JK Rowling wades into Maya Forstater transgender debate

JK Rowling has come out in support of a researcher who was sacked after tweeting that transgender people cannot change their biological sex.

Maya Forstater lost her job in March after she posted tweets opposing government proposals to reform the Gender Recognition Act to allow people to identify as the opposite sex.

Ms Forstater, who worked as a tax expert at the Centre for Global Development, an international think tank that campaigns against poverty and inequality, took her case to an employment tribunal on the grounds that her dismissal constituted discrimination against her beliefs.

Employment judge James Tayler dismissed her claim on Wednesday, saying her views are “absolutist in her view of sex”.

Responding to the ruling, Harry Potter author Rowling wrote on Twitter: “Dress however you please. Call yourself whatever you like. Sleep with any consenting adult who’ll have you.

“Live your best life in peace and security. But force women out of their jobs for stating that sex is real?”

She added the hashtags #IStandWithMaya and #ThisIsNotADrill.

Following her tweet, Rowling’s name trended on Twitter as she prompted a divided reaction from fans.

Many people claimed Rowling is a “transphobe”, and the phrase “JK Rowling is a Terf” – referring to the term trans-exclusionary radical feminist – also trended on the platform.

A Terf is often used to describe feminists who express ideas that other feminists consider to be transphobic, including the belief that trans women are not women.

LGBT advocacy group the Human Rights Campaign sent a message to Rowling on Twitter, posting: “Trans women are women. Trans men are men. Non-binary people are non-binary. CC: JK Rowling.”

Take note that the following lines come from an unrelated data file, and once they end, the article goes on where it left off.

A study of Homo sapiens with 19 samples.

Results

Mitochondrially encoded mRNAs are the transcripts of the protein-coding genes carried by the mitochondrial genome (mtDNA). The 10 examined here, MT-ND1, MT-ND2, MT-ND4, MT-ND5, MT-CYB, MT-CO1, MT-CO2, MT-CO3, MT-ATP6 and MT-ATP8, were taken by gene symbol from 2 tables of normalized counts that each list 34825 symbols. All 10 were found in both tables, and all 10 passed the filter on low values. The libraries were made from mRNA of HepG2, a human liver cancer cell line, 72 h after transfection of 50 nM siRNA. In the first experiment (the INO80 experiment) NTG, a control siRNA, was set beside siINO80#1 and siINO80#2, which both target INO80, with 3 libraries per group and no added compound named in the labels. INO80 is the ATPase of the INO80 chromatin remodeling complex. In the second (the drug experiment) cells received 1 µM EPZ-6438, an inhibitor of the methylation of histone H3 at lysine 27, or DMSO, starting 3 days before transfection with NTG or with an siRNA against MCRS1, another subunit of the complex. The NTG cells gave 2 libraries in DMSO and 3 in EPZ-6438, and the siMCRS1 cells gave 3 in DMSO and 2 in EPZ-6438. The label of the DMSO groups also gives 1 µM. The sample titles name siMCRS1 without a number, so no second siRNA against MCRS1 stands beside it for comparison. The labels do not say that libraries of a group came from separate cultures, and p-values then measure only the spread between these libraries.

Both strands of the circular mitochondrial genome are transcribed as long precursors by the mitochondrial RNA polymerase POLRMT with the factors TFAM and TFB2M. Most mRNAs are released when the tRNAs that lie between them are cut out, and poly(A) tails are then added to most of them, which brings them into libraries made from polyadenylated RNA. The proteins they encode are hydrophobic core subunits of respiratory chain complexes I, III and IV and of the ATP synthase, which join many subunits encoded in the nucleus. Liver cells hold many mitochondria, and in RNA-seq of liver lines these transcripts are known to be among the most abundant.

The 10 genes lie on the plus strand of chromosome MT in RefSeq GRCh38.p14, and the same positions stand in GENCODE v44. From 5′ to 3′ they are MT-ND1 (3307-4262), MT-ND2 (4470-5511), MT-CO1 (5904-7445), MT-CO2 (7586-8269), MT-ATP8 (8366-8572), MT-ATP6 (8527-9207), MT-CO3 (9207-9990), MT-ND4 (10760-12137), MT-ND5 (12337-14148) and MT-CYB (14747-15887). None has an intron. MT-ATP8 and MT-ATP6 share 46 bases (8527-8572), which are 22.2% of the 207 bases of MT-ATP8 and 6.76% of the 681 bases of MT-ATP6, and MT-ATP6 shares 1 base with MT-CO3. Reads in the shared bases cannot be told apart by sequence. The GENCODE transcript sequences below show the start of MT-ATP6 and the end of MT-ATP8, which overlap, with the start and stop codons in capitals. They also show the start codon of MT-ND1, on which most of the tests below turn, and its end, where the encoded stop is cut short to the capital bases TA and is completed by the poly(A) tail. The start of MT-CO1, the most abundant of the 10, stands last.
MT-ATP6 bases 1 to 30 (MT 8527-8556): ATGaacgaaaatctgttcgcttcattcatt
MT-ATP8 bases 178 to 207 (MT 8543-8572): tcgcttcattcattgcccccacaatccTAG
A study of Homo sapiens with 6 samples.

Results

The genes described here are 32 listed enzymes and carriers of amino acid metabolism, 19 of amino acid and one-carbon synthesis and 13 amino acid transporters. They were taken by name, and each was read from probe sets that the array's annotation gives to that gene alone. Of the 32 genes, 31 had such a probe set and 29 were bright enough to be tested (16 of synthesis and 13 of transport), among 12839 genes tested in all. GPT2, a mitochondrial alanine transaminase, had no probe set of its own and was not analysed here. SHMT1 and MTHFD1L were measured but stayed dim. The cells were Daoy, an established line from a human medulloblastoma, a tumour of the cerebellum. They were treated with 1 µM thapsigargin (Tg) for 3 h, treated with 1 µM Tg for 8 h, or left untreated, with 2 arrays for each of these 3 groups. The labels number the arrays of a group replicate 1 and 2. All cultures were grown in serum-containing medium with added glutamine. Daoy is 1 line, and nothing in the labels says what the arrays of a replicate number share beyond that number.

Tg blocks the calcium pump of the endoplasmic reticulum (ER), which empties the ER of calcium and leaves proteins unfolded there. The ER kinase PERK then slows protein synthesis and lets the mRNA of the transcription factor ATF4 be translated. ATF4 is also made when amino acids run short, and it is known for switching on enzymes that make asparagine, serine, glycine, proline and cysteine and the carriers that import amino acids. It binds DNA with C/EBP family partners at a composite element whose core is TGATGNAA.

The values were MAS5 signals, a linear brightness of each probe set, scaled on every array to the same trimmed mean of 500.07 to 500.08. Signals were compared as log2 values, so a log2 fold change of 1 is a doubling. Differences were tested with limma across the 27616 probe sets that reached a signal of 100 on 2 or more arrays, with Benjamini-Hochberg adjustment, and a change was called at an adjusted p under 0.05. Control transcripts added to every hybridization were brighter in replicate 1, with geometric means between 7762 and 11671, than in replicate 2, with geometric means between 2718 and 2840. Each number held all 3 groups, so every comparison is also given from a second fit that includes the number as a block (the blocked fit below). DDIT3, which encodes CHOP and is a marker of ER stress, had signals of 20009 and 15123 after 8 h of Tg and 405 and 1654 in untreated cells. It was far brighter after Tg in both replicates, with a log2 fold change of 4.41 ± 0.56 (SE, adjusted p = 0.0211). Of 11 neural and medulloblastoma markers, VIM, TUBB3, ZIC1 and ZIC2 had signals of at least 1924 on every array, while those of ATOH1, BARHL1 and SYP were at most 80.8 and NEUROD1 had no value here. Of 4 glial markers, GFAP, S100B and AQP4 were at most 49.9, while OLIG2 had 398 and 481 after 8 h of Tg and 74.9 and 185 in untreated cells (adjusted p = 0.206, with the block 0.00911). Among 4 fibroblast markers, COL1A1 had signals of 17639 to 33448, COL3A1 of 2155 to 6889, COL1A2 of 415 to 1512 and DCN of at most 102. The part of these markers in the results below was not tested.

However, other Twitter users welcomed the author’s comment, with many joining her in using the hashtag #IStandWithMaya.

Ms Forstater was accused of publishing “offensive” tweets questioning government proposals to allow people to self-identify their own gender.

Judge Tayler ruled against Ms Forstater in a 26-page judgment, in which he said her views did “not have the protected characteristic of philosophical belief”.

He concluded Ms Forstater was not entitled to ignore the legal rights of a transgender person and the “enormous pain that can be caused by misgendering a person”.

Pride in London 2016
The dispute was widely seen as a test case (Daniel Leal-Olivas/PA)

The dispute was seen as a test case on whether a “gender critical” view – a belief that there are only two biological sexes – is a protected “philosophical belief” under the 2010 Equality Act.

Ms Forstater had argued “framing the question of transgender inclusion as an argument that male people should be allowed into women’s spaces discounts women’s rights to privacy and is fundamentally illiberal (it is like forcing Jewish people to eat pork)”.

Representatives for Rowling have been contacted for comment.